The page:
Every fall for the past 10 years or so, a small group of high-performance boats gathers on the Connecticut River for a usually chilly fun run of 50 miles or so. In recent years, the event has grown into a 60- to 70-boat fleet, mostly made up of outboard-powered vessels. This year was no exception.
As casual as it gets—welcome to the Connecticut River Pizza Run. Photos courtesy/copyright Kevin Kearney.
Organized by Rich Owen, last Sunday’s Connecticut River Pizza Run pulled in more than 60 boats and was complimented by absolutely stunning weather. The fleet started from from Haddam Meadows State Park and headed to a gorgeous private beach just a few miles away from Hartford. The group included everything from 15-foot Hydrostream Vipers to jet boats an even an annoyingly fast personal watercraft, as well as the former Drambuie on Ice raceboat, a 44 MTI catamaran. The run to the beach—some boats came to shore while others rafted up—was all about sharing great food and swapping high-performance boating stories, likely for the last time this season. More than 100 pizzas, as well as hundreds of fresh-baked cookies courtesy of the “Cookie Lady,” were inhaled by the group.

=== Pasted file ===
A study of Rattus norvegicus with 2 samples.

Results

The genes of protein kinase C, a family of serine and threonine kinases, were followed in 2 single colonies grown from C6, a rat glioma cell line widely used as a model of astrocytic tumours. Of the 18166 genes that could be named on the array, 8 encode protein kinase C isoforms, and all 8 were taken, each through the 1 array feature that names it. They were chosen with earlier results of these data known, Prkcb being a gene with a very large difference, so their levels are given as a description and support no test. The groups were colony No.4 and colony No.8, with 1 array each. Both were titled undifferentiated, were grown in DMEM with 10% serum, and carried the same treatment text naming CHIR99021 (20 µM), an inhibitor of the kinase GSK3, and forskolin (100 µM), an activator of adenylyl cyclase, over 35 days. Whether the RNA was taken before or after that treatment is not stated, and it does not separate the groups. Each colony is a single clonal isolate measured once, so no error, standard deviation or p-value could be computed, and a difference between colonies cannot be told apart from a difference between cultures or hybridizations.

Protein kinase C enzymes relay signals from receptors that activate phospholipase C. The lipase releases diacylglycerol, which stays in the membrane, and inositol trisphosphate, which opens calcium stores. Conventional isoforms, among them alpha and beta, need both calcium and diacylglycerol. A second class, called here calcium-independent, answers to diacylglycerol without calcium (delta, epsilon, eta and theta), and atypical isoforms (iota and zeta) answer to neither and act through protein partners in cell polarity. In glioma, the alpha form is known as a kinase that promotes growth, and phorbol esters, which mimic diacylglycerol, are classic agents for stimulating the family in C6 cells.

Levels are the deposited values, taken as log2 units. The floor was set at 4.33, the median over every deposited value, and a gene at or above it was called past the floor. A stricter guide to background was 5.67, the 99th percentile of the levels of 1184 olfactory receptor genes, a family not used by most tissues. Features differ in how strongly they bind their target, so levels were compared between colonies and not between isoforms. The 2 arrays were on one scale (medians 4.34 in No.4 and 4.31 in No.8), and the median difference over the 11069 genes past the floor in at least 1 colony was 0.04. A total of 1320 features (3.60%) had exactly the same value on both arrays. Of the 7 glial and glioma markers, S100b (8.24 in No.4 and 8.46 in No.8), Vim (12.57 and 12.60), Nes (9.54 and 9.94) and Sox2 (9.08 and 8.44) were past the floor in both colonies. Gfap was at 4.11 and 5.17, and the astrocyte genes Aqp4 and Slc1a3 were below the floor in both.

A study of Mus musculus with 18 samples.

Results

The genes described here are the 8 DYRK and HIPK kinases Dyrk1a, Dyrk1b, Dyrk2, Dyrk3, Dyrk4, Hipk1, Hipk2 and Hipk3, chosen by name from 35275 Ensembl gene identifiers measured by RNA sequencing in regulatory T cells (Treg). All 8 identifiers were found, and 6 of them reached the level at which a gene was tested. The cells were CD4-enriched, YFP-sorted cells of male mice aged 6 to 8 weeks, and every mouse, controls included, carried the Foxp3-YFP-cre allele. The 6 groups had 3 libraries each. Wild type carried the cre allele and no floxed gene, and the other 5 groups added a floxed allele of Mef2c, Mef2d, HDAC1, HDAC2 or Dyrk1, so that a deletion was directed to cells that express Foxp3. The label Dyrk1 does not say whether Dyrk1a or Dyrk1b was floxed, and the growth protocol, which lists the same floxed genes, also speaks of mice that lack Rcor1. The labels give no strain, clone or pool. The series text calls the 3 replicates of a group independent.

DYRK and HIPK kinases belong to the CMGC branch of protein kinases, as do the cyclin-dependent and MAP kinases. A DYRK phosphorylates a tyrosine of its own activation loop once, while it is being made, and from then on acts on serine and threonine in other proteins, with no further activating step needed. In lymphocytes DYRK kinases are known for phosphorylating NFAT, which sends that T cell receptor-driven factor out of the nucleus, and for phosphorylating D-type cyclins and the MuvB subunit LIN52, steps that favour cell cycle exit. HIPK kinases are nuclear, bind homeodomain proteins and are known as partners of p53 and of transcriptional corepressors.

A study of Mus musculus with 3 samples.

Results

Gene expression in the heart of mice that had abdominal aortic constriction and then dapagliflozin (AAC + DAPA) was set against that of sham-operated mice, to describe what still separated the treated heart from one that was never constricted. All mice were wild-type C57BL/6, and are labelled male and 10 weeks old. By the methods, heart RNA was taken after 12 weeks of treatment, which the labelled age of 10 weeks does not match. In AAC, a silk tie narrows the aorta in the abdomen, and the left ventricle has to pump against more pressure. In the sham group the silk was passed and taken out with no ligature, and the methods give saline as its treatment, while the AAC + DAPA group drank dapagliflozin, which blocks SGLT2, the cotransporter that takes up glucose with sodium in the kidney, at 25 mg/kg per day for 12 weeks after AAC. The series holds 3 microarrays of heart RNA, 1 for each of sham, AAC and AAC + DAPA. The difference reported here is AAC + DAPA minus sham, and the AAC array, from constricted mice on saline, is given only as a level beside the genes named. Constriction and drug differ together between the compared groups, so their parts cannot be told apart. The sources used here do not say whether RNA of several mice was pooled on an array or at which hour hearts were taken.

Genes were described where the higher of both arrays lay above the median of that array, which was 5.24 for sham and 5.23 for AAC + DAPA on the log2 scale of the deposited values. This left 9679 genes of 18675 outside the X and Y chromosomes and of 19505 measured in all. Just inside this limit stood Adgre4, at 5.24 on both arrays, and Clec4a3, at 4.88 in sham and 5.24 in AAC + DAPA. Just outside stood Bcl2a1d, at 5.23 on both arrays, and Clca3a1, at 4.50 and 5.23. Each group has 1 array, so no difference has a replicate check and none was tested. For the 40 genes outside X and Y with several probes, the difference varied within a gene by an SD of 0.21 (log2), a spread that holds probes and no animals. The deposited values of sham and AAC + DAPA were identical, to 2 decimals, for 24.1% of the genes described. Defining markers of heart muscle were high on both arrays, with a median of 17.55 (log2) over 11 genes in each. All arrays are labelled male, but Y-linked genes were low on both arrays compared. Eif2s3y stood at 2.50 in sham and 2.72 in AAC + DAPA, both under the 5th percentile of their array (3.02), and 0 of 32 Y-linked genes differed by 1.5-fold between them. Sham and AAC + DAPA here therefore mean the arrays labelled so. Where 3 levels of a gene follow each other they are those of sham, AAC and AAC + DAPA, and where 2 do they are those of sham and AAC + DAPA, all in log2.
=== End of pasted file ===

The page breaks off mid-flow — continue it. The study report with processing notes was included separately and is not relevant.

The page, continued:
Among the prettier boats in the run was a 24-foot HTM catamaran owned by Rob Maltempo of Connecticut. (Maltempo also has a 32-foot Skater he uses on the Long Island Sound.) His HTM is powered by a 1,000-hp Saris Racing engine and has been clocked at speeds more than 110 mph.
For more images from the Connecticut River Pizza Run, check out the slideshow above.
If you like high-performance boats but don’t necessarily enjoy the egos that come with the poker run and offshore racing territory, this event is for you. I don’t believe there is a more laidback or enjoyable fun run out there. From the friendly people who donated their land for us to use to the cookout back at the launch ramp and the guys in the dinghy bringing pizza from the beach to the boats rafted up on the river, everyone was as helpful as possible. And everyone had a great time.
The performance boating community thrives on the natural camaraderie present when people who share a common interest get together. And it’s even better when you share that passion with friends, new and old, over a slice on a small beach on the shore of the Connecticut River.
Editor’s Note: A frequent contributor to speedonthewater.com, offshore racer Johnny Saris has covered several Offshore Powerboat Association races for the website this year.